Thursday, August 2, 2012

Draft Prep: Busts

Cam Newton (QB, CAR, ADP 17.2): He certainly has the talent and the offensive line to not be a bust, but his numbers from last year are simply a long shot. If you could grab him in the third or fourth round, he would be more than worth a pick. But going middle of the second round is way too high to justify a pick for Cam. Rushing touchdowns are very hard to predict and there is almost no way Newton comes close to his 2nd in the NFL 14 rushing touchdowns. According to Christopher Harris' research, quarterbacks who score 6 or more rushing touchdowns in a season average only 2.1 the following season. Luckily for Cam, he is no Michael Vick when it comes to injuries. Instead, a more fair comparison is to Dante Culpepper. This a good thing for the huge, athletic freak who does appear to be fairly durable. While I expect Cam's numbers should decline, the main reason for me labeling him a bust is because of where he is being drafted. But with elite upside and not a ton a downside, Cam will not bust quite to the level that Derek Anderson did.

What? I'm not elite?
Matt Schaub (QB, HOU, 90.0): Those who think Schaub still has elite potential are sorely wrong. Houston is a run-first team now making for far less opportunities for Schaub. Not only is he very injury prone, but his elite target Andre Johnson has not been able to stay on the field either.

If everything is okay, then
 why don't you stop holding out?
Maurice Jones-Drew (RB, JAC, 7.7): Still holding out, MJD is definitely someone to keep on eye on. While the Jags have by no means ever been an offensive juggernaut, having Blaine Gabbert does absolute nothing to take pressure off of MJD. Of the top four running backs, he has the most question marks surrounding him. He is still just 27 years old, but his carries are piling up. He had over 380 touches last year and was probably overworked. And with the holdout still going, MJD is setting himself up to disappoint countless owners.

Jamaal Charles (RB, KC, 26.4): Chalres is an immense talent who has averaged 5.8 yards per carry in his career. But questions about his recovery from a torn ACL and Peyton Hillis in the mix make Charles a less than ideal option. Even if he is at full strength, he will surely lose goaline carries to Hillis. And Charles' explosiveness and open-field running depend so much on his ACL that I do not see Charles being his old self.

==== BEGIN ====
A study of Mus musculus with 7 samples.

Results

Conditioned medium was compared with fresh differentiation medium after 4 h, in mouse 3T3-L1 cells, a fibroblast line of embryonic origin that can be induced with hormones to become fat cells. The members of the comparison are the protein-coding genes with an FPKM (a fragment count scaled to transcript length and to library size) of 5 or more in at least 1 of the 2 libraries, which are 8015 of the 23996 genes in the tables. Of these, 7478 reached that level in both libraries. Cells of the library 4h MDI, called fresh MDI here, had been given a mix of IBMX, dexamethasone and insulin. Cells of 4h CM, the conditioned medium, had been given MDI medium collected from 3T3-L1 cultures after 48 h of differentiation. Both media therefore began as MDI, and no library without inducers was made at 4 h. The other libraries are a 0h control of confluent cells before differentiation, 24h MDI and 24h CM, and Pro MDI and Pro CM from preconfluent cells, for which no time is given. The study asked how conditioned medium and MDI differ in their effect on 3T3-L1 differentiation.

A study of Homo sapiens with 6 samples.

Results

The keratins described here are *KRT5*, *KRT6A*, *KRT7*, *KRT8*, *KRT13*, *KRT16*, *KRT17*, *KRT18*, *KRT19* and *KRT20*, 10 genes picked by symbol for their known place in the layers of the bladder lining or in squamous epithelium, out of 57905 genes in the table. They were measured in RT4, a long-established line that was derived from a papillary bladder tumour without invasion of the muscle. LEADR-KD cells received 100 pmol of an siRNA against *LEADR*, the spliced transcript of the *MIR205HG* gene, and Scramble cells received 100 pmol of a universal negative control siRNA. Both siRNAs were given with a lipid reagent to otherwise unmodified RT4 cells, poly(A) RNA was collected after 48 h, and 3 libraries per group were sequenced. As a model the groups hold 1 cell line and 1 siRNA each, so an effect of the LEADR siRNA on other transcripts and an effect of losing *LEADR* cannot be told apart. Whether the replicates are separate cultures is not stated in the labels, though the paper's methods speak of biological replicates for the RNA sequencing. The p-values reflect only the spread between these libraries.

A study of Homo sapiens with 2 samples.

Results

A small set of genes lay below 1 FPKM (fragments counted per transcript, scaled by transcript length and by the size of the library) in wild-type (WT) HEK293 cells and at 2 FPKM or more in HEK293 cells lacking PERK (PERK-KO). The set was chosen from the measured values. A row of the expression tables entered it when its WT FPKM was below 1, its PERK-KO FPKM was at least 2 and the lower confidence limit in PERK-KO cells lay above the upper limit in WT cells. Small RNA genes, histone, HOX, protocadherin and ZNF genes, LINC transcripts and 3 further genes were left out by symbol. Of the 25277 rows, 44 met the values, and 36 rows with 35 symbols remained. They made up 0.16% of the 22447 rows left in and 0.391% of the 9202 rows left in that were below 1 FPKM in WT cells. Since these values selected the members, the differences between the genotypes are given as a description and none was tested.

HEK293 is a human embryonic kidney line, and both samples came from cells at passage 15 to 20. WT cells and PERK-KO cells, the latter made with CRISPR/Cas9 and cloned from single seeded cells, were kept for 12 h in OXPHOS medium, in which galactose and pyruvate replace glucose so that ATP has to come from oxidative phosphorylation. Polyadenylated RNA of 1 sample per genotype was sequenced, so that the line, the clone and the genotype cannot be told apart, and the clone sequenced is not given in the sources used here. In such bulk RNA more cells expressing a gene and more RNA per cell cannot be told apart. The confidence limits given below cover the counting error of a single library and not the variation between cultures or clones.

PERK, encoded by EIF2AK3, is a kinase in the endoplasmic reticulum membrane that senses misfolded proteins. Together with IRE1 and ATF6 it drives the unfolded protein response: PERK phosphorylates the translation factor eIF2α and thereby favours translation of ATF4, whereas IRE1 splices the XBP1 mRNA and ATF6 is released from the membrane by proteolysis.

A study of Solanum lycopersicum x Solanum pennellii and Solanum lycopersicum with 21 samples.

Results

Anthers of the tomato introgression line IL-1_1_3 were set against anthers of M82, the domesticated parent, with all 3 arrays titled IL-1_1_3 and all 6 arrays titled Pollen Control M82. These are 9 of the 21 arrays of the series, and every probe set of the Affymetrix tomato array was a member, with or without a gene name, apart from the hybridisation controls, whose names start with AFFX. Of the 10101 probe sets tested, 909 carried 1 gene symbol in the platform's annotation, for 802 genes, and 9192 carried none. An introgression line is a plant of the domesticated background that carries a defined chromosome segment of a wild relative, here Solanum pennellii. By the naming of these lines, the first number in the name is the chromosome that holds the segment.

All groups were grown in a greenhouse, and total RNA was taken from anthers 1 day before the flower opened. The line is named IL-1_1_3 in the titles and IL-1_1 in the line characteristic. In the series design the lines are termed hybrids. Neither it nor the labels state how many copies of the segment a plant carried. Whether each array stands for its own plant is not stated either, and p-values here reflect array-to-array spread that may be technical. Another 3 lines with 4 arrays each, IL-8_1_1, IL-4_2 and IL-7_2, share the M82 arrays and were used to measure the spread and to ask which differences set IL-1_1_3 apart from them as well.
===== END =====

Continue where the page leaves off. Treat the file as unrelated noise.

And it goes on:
Fred Jackson (RB, BUF, 35.0): He will be 31 this year and is recovering from a broken leg. Not only that, but C.J. Spiller excelled in his absence which indicates a major timeshare coming. I expect Jackson to receive the majority of carries, but Spiller will take a huge bite into his production. Do not expect anything close to Jackson's first half of last season. While his wife might not be as hesitant about picking him this year, everyone else should have caution in regards to picking him.

Willis McGahee (RB, DEN, 54.1): McGahee's late-career resurgence turned heads last year. But going from a run-heavy, Tebow-led offense to a Peyton Manning offense will render McGahee useless. He is not a great pass-catching back and is mediocre in pass blocking. Expect other Broncos running backs to take reps and for McGahee's age to catch up to him.

Andre Johnson (WR, HOU, 14.4): Really. I'm serious. For a guy who has played just 20 games in the past two seasons, I am not optimistic. The now run-heavy Texans also have a much better defense which means less catch-up for them and less throwing. I would much rather take Roddy White, Greg Jennings, and even Wes Welker. Taking an early second round pick on Johnson would be unwise and way too risky. If you can get him in the third round, well, then he is a potential steal. But don't be fooled by Johnson. He should no longer be looked at as an obvious top two wideout.

Mike Wallace (WR, PIT, 26.6): Of all my bust candidates, this is the one I feel most strong about. He was Big Ben's second favorite target last year and had an abysmal second half. In the last nine games, he had only two with double digit scoring. He is still holding out and it does not appear to be ending any time soon. Wallace does have number one potential, but is much better suited as a number two receiver this year. And if he gets traded, it will likely not help his value in any way. Stay away from him in drafts.

Vincent Jackson (WR, TB, 53.9): This guy could be labeled a bust almost every year. He almost always seems to be labeled as a near-elite receiver but never produces like one. He has never had more than 70 catches or double digit touchdowns. He now switches from Philip Rivers to Josh Freeman throwing him the ball. And Tampa Bay will be a run-oriented team. He will disappoint like usual. That, you can count on.